Primary Resource

Justice and Execution; an excerpt from "Relation of Virginia, 1609" by Henry Spelman (1613)

In these two sections of "Relation of Virginia, 1609" titled "The Justis and government" and "The manor of execution," the Jamestown colonist Henry Spelman describes Virginia Indian law and punishment as he encountered it living with the Algonquian-speaking Powhatan and Patawomeck Indians from 1609 until 1611. His account was probably written in 1613 but not published until 1872.

Transcription from Original

The Justis and government

Concerninge ther lawes my years and understandinge, made me the less to looke after bycause I thought that Infidels wear lawless yet when I saw sum put to death I asked the cause of ther offence, for in the tine I was with the Patomecke I saw 5 executed 4 for murther of a child (id est) the mother and tow other that did the fact with hir and a 4 for consealing it as he passed by, beinge bribed to hould his pease. and one for robbinge a traveler of coper and beades for to steale ther neyburs corne or copper is death, or to lye one with anothers wife is death if he be taken in the manner,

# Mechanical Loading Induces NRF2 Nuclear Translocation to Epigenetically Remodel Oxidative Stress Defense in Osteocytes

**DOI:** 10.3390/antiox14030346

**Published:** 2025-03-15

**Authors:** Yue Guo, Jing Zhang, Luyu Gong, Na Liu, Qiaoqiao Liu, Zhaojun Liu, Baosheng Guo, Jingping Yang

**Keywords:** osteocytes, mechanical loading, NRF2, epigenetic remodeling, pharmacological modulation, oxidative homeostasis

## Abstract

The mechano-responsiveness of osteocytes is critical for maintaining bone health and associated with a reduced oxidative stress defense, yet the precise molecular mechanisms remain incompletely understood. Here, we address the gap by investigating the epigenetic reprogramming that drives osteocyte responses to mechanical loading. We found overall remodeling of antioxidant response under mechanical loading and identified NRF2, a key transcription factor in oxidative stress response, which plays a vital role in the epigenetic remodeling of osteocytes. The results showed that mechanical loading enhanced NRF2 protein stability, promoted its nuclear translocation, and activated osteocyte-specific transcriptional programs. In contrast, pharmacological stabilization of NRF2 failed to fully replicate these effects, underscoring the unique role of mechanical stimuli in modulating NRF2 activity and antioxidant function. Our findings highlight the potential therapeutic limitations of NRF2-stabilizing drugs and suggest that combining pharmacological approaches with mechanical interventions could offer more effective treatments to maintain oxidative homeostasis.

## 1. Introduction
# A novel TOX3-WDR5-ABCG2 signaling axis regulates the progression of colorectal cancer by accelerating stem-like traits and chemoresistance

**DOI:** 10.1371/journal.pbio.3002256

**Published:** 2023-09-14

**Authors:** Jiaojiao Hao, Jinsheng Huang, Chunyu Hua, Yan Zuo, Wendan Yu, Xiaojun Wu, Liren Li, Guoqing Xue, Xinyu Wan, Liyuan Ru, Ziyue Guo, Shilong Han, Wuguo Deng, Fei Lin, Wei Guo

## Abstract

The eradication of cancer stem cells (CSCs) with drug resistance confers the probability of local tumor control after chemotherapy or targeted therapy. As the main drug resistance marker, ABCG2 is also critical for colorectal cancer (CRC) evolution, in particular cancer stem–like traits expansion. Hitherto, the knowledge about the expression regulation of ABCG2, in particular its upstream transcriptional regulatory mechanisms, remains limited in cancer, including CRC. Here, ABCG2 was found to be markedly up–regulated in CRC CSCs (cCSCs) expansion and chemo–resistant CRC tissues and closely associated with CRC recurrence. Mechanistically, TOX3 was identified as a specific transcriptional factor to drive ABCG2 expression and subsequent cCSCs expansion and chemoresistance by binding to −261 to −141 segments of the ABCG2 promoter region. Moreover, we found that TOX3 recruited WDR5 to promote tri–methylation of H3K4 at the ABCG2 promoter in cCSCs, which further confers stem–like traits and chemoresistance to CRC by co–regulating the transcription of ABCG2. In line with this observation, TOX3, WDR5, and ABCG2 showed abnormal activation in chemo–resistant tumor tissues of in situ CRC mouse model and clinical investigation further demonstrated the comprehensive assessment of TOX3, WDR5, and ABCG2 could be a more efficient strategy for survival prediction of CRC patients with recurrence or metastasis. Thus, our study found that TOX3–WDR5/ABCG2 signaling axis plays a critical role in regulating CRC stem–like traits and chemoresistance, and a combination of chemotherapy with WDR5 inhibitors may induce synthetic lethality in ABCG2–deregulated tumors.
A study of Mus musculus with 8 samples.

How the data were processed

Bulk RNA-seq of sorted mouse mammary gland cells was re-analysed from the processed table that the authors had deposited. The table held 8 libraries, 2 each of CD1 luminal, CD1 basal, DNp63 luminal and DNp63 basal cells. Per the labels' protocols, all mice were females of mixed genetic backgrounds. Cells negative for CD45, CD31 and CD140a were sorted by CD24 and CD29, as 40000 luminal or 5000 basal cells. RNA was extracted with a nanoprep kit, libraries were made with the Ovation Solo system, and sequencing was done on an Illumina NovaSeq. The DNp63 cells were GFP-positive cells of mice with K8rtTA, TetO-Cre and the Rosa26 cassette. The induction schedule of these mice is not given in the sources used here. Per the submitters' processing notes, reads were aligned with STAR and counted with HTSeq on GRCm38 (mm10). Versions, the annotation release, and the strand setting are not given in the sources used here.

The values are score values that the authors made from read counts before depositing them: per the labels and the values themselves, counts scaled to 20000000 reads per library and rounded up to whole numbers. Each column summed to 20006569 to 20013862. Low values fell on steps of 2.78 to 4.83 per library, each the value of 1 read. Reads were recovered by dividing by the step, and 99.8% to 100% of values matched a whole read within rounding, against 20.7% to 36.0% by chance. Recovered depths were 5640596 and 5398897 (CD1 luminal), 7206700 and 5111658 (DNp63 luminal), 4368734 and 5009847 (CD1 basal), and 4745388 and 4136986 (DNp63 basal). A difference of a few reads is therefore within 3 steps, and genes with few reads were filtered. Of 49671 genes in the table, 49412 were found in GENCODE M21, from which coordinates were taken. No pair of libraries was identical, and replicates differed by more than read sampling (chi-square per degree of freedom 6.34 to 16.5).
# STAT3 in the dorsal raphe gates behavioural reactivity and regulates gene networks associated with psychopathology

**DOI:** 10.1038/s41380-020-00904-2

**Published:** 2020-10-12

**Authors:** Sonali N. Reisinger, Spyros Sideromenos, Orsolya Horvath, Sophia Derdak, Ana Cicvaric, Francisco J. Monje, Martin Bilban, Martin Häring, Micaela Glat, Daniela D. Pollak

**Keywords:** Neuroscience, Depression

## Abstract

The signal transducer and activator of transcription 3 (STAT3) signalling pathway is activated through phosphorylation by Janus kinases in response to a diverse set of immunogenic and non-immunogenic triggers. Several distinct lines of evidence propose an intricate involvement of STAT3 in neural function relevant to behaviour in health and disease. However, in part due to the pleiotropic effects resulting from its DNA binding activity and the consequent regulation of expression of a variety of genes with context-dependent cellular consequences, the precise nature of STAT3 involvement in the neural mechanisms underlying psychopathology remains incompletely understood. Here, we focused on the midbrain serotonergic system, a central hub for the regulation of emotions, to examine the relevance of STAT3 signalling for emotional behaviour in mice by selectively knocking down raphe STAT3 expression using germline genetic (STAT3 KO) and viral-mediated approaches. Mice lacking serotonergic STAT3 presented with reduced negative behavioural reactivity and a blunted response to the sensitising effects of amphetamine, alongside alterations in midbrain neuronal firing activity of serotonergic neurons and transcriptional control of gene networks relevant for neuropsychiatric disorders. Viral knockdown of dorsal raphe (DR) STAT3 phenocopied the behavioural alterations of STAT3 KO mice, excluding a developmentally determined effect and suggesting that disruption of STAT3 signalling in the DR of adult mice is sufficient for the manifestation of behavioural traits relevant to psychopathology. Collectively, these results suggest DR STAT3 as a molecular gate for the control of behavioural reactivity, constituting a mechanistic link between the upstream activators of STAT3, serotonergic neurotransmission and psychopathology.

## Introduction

The manor of execution

Thos that be convicted of capitall offences are brough into a playne place before the Kinges house wher then he laye, which was at Pomunkeye the chefest house he hath wher one or tow apoynted by the Kinge did bind them hand and foote, which being dunn a great fier was made, Then cam the officer to thos that should dye, and with a shell cut of ther long locke, which they weare on the leaft side of ther heade, and hangeth that on a bowe before the Kings house. Then those for murther wear Beaten with staves till ther bonns weare broken and beinge alive weare flounge into the fier, the other for robbinge was knockt on the heade and beinge deade his bodye was burnt.